After Digital Advertising Alliance (DAA) managing director Lou Mastria pulled out of the Worldwide Web Consortium (W3C) Tracking Protection Working Group on September 17, branding as a failure efforts to hammer out browser-based do-not-track (DNT) standards, everyone assumed W3C DNT had collapsed. Apparently, the DNT issue was, by default, now in the hands of the U.S. Congress  and Google, both of which seem to have plans to bar and ban third-party cookies—hitherto, the linchpin of online consumer tracking.

So they say W3C efforts to hammer out standards for a browser-based DNT are dead.

Note for the record that the preceding sentence would be bared in American courtrooms as hearsay. There is, however, another statement out of W3C DNT decline that would be admitted into evidence under the “dying declaration” exception.

Let me explain. The American judicial system has inherited from medieval English law the principle that a dying person is not presumed to lie. Despite the departure of DAA, W3C announced two new Tracking Protection Working Group co-chairs—Justin Brookman, director of the Center for Democracy and Technology’s Project on Consumer Privacy, and Carl Cargill, standards principal at Adobe Systems—to join current co-chair Matthias Schunter, chief technologist and principal investigator at Intel. In addition, except for DAA, industry trade groups are hanging on, most notably the Interactive Advertising Bureau (IAB) and the Network Advertising Initiative (NAI). As IAB senior vice president and general counsel explained, “We’ve been told that if we weren’t at the table then other parties would write the standard.”

And that, ladies and gentlemen of the jury, is a dying declaration. We can therefore safely assume that it is not a lie.

Here’s another, from NAI executive director Marc Groman: “Should the NAI withdraw today, the Working Group will be comprised of consumer advocates, U.S and European regulators, and a dozen large, global corporations that sit in a different place in the online advertising ecosystem.”

Again, the truth, the whole truth, and nothing but the truth. It’s just too bad that such statements had to await the imminent demise of W3C DNT efforts to be admitted as evidence. Google and governments (U.S. and EU both) already appear on the verge of writing a standard that will give e-advertisers few choices. As AdAge reports, despite the addition of the new co-chairs, the  Tracking Protection Working Group has only to early October “to vote on a set of pathways” for the DNT standards project. “They can stick with the same process or call the whole thing off.”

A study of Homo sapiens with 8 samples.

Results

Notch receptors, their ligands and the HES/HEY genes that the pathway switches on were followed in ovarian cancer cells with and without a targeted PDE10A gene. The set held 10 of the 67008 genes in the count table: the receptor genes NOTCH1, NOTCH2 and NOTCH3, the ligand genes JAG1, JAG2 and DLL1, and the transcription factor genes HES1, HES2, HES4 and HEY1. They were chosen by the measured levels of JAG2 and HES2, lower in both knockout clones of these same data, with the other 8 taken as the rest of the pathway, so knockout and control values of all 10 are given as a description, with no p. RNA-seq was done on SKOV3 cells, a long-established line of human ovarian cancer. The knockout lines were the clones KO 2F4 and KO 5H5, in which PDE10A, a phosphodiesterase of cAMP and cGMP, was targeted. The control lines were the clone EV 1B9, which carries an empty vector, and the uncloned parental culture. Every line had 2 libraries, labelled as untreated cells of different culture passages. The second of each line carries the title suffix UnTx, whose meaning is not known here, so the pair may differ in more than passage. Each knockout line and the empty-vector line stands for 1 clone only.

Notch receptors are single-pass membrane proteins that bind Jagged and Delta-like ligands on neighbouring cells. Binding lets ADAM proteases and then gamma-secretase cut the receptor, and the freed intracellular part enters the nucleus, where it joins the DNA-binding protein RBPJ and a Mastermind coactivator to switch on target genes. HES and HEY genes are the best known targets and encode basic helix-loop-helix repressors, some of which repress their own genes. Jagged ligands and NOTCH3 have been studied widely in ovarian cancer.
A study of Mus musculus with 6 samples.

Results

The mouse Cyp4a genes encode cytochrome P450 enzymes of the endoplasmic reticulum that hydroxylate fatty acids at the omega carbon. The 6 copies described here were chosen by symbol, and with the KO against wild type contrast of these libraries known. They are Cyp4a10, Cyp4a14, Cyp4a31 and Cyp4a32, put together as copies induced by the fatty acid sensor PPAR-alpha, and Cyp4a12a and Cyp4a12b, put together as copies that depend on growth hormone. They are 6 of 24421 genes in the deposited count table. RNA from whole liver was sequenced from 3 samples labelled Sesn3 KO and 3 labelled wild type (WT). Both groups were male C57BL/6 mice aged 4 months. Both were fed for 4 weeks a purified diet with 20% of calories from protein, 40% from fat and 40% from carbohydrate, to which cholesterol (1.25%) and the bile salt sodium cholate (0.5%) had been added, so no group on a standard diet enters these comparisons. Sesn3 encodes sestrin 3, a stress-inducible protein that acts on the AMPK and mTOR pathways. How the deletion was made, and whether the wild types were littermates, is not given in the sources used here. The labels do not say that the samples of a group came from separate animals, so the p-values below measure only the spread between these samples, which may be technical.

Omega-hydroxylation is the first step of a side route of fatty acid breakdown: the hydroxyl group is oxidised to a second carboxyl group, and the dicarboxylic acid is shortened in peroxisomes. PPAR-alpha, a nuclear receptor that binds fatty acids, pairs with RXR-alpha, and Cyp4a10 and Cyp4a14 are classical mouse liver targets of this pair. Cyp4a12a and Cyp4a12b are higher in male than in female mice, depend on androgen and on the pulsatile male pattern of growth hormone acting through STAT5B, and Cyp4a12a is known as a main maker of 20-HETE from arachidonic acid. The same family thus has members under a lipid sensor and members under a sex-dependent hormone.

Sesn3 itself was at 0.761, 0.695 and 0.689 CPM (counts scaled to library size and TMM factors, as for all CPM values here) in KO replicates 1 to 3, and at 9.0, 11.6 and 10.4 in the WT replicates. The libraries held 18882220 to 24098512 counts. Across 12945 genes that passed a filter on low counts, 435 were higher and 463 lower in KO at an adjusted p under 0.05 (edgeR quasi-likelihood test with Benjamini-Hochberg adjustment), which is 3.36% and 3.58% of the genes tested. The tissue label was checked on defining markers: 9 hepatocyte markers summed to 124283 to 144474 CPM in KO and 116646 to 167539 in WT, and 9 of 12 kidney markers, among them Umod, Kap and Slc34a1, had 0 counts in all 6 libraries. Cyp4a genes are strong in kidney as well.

Deaths are usually sad occasions, of course, and they typically spawn a string of might have beens and if onlys. Doubtless, the e-advertising industry is focusing its misery on the prospect of giants like Google running the table and governments on both sides of the Atlantic regulating everything else.

But such is not the real pity in this imminent death. The source of truest sorrow is that the death is quite unnecessary. It is not the heroic fall of an industry making a valiant stand against monopoly and regulation. Hardly. It is, rather, the inevitable decline and decay of an industry that has persistently refused to do what is necessary to empower consumers (i.e., the billions who use the Internet and thus give it its value) with transparency and control. It is the tragedy of failing to recognize that online tracking need no longer be the shady vocation of digital snoops and stalkers—that it can be an honorable service from companies dedicated to educating and satisfying consumers by connecting them with companies and products of genuine interest and value to them. It is the willful blindness of serving e-commerce producers at both the actual and perceived expense of e-consumer privacy instead of serving both producers and consumers to their mutual enrichment.

Maybe it really is too late for W3C DNT. If so, the industry must attentively weigh the testimony of its dying declaration. Having weighed it, the industry should be moved to make the highly rational choice to redefine tracking—in earnest and in good faith—as a service to both e-commerce providers and e-commerce consumers. The industry must explain tracking, and its constituent companies must freely offer consumer controls. They must begin persuasively promoting tracking as the value-added it can and should be.

Yes, it is late. Industry efforts to productively control the dialogue on tracking and targeted advertising are dying. But maybe, it’s not too late. Not quite yet.